Beet Chocolate Bouchons

Fun to eat bouchons with your fingers
We know beets; we know chocolate, of course. But what the heck are bouchons? They mean corks, shaped by a silicone mold used to make these little brownie-like cakes. Bouchons have a distinct tall look. They come out of the mold instantly with just one flip of the wrist. That’s what I like about silicone mold—the ease of operation. You can easily use small cupcake molds for this purpose. The height gives these bouchons a lofty and hefty structure. You do a double take; you taste the earthy note of beet in these cakes. You are sold. The earthy and playful nature of the beet chocolate bouchons are indisputable.

Beets are my favorite root vegetables. I use them often in my vegetable cooking. (Here is an example: beet avocado and pea salad.) I usually roast a bunch of beets, all at once. Much cleaner than boiling them in a pot of water, which turns lavishly red. Wrapped each beet with aluminum foil and placed them on a sheet pan. Put them in a preheated 400°F oven for roughly an hour and keep them refrigerated for later use.

Beets blend well with dark chocolate. I love the addition of vegetables in desserts. A healthful way to eat more vegetables while indulging in a rich chocolate cake.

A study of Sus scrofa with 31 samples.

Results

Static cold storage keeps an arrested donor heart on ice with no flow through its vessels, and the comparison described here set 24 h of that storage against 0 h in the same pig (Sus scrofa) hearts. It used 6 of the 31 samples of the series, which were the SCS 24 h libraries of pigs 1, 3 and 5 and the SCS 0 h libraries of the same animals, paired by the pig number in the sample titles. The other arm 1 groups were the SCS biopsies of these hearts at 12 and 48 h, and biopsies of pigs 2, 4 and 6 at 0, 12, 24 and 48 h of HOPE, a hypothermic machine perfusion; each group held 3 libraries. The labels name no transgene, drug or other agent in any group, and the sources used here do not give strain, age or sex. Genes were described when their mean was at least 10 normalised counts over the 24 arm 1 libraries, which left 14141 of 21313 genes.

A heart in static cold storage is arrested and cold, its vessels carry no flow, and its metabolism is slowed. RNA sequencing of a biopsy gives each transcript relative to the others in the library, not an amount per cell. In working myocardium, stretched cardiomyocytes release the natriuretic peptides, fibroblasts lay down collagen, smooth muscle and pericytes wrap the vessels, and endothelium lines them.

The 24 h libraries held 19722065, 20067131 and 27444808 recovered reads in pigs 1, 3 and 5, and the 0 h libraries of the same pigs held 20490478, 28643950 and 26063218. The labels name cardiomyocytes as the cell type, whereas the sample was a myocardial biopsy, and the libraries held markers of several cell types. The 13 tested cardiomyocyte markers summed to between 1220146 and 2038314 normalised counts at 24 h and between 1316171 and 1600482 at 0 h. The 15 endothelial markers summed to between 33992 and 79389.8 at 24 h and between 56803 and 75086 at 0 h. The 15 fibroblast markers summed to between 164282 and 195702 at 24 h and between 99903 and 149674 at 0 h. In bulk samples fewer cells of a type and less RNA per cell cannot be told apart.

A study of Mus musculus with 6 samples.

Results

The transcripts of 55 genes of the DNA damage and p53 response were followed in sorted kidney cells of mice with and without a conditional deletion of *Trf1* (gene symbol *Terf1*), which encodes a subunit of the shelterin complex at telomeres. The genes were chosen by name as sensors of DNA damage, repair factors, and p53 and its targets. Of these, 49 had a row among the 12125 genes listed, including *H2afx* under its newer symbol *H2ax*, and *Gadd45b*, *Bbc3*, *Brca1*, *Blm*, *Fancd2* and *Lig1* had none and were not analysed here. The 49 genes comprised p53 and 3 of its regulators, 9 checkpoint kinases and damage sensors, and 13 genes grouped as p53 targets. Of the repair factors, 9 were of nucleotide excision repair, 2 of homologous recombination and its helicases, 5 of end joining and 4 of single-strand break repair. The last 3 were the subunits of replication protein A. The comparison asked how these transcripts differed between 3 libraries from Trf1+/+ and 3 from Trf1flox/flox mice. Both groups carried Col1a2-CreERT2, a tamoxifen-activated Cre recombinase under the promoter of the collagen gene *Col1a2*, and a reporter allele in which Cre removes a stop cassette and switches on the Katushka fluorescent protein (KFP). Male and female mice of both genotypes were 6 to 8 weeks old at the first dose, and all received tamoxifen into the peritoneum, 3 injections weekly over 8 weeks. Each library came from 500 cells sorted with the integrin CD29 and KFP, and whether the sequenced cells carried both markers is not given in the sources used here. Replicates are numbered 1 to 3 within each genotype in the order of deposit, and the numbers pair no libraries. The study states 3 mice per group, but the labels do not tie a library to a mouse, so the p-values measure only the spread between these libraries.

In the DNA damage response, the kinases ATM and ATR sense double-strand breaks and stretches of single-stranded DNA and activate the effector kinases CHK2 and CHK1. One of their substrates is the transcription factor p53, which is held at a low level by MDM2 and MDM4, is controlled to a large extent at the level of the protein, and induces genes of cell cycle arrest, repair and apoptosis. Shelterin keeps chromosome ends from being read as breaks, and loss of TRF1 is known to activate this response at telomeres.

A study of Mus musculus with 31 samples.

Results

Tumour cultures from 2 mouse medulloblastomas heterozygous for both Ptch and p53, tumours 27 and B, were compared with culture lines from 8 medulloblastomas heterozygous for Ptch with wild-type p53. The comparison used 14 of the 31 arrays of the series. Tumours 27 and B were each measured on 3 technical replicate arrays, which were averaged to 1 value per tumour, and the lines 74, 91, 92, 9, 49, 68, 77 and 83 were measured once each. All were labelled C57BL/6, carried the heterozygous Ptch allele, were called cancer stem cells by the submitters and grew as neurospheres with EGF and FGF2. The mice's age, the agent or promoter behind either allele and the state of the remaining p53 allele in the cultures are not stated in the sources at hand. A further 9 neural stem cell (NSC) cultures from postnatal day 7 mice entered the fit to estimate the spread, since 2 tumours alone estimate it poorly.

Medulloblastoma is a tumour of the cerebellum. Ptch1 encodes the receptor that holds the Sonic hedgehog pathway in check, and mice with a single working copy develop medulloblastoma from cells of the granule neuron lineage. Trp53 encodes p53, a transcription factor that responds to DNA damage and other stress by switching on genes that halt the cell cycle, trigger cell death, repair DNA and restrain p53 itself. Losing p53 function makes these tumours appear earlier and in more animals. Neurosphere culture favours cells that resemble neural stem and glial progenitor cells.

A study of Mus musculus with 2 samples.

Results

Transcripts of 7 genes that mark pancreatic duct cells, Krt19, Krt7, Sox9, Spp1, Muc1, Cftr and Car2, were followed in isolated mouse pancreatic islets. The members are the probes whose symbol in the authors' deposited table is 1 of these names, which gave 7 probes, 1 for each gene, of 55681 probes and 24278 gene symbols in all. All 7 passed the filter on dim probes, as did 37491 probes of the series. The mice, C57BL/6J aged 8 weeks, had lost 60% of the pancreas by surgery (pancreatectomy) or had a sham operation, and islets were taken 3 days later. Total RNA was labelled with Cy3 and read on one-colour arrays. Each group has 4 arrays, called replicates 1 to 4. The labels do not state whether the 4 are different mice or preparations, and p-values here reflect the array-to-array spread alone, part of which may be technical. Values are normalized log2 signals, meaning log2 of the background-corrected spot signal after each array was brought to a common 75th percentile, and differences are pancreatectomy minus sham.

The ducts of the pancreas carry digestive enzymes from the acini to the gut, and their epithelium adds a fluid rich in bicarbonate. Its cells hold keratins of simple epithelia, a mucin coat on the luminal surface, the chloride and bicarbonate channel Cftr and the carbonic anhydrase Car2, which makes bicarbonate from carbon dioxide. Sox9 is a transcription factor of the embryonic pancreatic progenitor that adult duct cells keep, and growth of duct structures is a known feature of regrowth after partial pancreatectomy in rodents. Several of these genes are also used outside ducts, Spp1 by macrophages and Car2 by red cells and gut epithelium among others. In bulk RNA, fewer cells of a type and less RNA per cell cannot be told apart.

This chocolate-beet cake also comes with a story. The story was told in Nigel Slater’s Tender, a cook and his vegetable patch. Tender is a 600 pages long master piece, the length of book I’d normally stay away. Nigel Slater is such a remarkable writer with an engaging casual writing style. You enjoy the time you spend reading about his garden project, his kitchen diaries and his recipes, while feeling inspired page after page. He draws you into his world. I want to dig my fingers into the dirt and grow my own vegetables and herbs. Smell the scent and the change of season in the air. I feel confident already that I’m a better cook, because of his simple recipes and uncomplicated instructions, at least being inspired to become one.
Cakes of various shapes enlivened with thick creme fraiche and crackle of poppy seeds
He wrote: “It is true that I am rarely happier than when making chocolate cake. I especially like baking those that manage to be cakelike on the outside and almost molten within…. There are other ways to moisten a cake, such as introducing grated carrots or, in this case, crushed beets… This is a seductive cake, deeply moist and tempting. The serving suggestion of crème fraiche is not a nod to the sour cream so close to beets’ Eastern European heart, it is an important part of the cake.”
Whatever I write here may seem totally inadequate next to how Slater described this cake. So I’ll let the cake and the recipe speak for itself. I’ll seep a cup of tea and savor the incredible, yet subtle, taste of the beet chocolate bouchons. Words are somehow falling short!